Dusty shares reflections and reactions from lung cancer advocates who attended their first scientific conference on lung cancer targeted therapies. Read the first part of this series in Advocates Engage, Learn at Scientific Conference (Part 1).

New opportunities to share experiences

Oncology Nurse Navigator Pamela Boswell, RN, who primarily works with lung cancer patients in High Point, North Carolina, also attended the Targeted Therapy conference. Although she has previously attended many conferences, she said the Targeted Therapy conference was different.

“I had no idea that biomarkers have been studied for such a long time,” she said. “That there are more biomarkers being studied and more on the horizon -- along with medications to target these biomarkers -- is absolutely amazing! The presentations were very well done. Some were more interesting than others, but all were good.”

Even though shelter in place began shortly after the conference, Pam found ways to share her experience with others.

“Immediately following my return from the conference, I received the Lung Cancer Initiative’s Health Care Provider of the year award. I was given an opportunity to share a few words. I shared some things I learned at the conference -- especially how the face of lung cancer is being changed. I also shared with the Triad LiveLung Lung Cancer Support group in March.”

“It is always a great opportunity to network with those who attend and sponsor conferences,” said Pam. “These conferences are platforms that offer sponsors the opportunity to share in the endeavors that have made lung cancer less aboding and fearful and more optimistic.”

A chance to connect with others

Another advocate, Di’Ann Smith, recently relocated to the Los Angels area from North Carolina.

“This was my first conference,” said Di’Ann. “I must say I was a bit overwhelmed. But the highlight for me was having all three of my oncologists there at the same time.”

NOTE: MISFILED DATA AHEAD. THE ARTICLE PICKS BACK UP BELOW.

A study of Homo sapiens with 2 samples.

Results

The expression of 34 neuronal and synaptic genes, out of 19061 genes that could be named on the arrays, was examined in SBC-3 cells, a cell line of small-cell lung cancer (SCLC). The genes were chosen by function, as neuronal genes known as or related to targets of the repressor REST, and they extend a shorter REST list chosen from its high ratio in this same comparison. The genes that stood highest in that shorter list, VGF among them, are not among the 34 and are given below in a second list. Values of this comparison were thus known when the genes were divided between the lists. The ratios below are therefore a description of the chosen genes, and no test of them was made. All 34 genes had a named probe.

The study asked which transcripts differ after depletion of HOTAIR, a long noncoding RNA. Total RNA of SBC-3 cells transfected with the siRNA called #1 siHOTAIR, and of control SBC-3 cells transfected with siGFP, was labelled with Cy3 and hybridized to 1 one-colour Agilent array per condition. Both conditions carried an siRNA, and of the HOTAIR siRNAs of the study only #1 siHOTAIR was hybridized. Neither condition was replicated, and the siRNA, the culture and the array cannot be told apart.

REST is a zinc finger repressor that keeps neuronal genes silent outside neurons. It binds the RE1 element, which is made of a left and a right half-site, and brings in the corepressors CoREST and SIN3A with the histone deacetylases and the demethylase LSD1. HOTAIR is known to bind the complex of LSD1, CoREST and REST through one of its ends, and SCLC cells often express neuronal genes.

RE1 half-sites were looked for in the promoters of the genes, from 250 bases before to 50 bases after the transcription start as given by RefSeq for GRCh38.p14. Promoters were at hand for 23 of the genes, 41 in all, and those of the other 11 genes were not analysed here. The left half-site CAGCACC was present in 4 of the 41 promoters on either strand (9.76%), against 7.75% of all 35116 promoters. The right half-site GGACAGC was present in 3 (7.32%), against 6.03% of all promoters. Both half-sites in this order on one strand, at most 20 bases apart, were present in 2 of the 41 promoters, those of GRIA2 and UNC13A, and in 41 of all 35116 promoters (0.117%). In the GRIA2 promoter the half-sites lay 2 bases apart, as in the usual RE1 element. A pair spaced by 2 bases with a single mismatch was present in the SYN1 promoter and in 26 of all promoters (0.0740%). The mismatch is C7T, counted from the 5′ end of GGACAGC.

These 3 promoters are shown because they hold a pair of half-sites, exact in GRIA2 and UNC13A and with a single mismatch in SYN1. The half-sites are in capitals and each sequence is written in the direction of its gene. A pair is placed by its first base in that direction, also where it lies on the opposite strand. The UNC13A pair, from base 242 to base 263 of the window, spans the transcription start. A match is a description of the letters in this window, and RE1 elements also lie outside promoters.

Prior to relocating to California, Di’Ann was an active member of a lung cancer group in North Carolina and engaged with advocacy. She knew some of the advocates attending the meeting. Di’Ann is planning to help facilitate a new lung cancer group in LA.

“Of course, seeing the other advocates and Pamela Boswell was a big deal for me,” she said. “The other thing I would like to share about is the biomarkers are interesting to me, especially to have recently found out which biomarker I have (ALK).”

How other lung cancer advocates can get involved

Many more advocates attended the Targeted Therapies conference. Each advocate has a different level of scientific knowledge about lung cancer research. At first, it may seem like learning a different language, and in a way, it is.

Some have scientific backgrounds and/or have been involved in advocacy for so long that they present at scientific conferences. But every advocate can benefit from applying themselves to understand the science behind the research. Hopefully, they also will share some of the knowledge they gain. In addition to being a time to learn, these kinds of events are a great opportunity to network with fellow advocates and researchers.

With scientific conferences in the near future being held virtual with no or minimal registration fees for advocates, this is a unique opportunity to participate.